The men who did dangerous work had a special kind of insurance policy. But when somebody wanted to collect on that policy, the claims investigator suddenly became a member of ... THE RISK PROFESSION
the entry lock. I pushed open the door and went on in.
The waiting room was cozy and surprisingly large, large enough to comfortably hold the six maroon leather sofas scattered here and there on the pale green carpet, flanked by bronze ashtray stands. There were only six prospectors here at the moment, chatting together in two groups of three, and they all looked alike. Grizzled, ageless, watery-eyed, their clothing clean but baggy. I passed them and went on to the desk at the far end, behind which sat a young man in official gray, slowly turning the crank of a microfilm reader.
He looked up at my approach. I flashed my company identification and asked to speak to the manager. He went away, came back, and ushered me into an office which managed to be Spartan and sumptuous at the same time. The walls had been plastic-painted in textured brown, the iron floor had been lushly carpeted in gray, and the desk had been covered with a simulated wood coating.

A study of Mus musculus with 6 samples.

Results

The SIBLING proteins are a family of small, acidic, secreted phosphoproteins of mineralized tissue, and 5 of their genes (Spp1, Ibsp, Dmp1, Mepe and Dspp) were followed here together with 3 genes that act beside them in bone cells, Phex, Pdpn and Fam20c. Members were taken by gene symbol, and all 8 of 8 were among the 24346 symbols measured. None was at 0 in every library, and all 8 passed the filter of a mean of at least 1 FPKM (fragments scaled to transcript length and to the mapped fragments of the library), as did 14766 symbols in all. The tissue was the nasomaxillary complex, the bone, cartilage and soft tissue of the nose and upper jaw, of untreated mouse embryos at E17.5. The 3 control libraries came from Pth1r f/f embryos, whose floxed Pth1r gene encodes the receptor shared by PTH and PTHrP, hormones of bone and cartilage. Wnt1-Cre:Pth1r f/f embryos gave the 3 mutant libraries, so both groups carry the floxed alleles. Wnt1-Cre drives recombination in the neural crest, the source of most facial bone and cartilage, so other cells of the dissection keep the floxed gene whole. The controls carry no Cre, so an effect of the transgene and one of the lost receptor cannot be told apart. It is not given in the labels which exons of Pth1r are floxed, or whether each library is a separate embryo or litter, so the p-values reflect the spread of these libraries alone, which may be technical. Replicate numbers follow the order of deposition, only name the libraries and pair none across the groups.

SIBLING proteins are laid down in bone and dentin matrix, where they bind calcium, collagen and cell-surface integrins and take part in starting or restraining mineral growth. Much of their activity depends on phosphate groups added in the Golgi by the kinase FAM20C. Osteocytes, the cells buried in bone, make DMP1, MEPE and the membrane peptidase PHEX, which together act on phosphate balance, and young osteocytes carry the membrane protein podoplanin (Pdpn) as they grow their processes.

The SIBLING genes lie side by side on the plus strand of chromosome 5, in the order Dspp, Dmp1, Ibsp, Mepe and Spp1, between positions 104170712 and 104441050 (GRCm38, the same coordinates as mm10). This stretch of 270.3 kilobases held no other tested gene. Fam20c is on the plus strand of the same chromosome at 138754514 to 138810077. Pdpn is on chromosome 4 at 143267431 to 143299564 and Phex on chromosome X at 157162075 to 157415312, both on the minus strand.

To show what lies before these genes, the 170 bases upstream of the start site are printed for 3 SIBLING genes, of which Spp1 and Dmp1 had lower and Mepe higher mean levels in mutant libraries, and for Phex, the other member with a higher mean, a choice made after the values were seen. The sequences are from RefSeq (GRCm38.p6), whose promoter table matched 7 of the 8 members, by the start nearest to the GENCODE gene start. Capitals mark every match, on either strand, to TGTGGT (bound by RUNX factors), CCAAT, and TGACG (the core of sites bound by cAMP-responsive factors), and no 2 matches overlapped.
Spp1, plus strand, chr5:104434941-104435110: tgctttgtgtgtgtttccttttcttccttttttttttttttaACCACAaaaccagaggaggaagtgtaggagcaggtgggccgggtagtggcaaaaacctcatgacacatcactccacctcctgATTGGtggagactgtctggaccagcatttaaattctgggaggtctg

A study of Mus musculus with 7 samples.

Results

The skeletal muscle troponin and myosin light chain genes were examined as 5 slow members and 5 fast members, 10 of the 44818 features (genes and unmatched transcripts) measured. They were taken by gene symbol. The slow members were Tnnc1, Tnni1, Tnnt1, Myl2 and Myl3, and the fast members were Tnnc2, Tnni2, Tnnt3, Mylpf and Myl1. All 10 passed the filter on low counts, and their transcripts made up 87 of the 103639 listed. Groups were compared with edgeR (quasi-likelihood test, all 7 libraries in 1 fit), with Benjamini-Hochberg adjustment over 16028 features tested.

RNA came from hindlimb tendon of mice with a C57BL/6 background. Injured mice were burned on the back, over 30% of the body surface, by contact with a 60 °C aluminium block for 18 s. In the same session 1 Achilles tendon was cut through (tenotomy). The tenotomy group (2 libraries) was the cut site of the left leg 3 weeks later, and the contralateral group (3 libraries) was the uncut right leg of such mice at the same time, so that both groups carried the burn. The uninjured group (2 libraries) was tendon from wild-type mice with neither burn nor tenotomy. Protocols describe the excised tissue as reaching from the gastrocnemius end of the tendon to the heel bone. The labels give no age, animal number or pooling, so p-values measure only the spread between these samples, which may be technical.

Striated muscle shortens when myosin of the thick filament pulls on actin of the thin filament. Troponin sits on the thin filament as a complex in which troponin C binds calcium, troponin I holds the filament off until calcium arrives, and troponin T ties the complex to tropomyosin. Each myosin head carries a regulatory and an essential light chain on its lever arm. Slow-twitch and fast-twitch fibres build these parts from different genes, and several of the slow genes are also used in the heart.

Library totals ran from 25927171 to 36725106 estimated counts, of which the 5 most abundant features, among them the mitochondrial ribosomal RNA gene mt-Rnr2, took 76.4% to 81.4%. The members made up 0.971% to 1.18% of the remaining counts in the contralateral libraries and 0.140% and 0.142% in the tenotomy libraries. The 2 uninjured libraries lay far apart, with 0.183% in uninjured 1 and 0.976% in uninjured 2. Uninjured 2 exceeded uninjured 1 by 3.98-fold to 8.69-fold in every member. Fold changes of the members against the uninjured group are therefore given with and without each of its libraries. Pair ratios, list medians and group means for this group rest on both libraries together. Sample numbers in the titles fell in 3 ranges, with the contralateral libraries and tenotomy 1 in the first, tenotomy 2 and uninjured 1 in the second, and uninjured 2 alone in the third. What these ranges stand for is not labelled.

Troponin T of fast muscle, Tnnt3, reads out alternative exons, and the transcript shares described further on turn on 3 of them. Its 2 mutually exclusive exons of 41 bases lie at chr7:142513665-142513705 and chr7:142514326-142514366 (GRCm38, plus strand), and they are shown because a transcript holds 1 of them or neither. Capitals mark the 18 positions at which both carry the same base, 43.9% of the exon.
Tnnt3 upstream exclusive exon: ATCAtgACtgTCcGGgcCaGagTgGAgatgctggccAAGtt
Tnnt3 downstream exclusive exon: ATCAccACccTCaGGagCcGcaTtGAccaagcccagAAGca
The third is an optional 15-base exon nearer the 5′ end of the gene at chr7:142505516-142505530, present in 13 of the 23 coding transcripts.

The manager--a man named Teaking--went
A pretty good story of an insurance adjuster who finds a few too many coincidences in a claimant's story of his partner's death. But rather than being set in the 1930s where James M. Cain set his story, the investigator and the suspect are stuck in a dome on the side of an asteroid.
Nice plot and characterizations, and the story is convoluted enough that I figured out the answers a few paragraphs before the investigator did.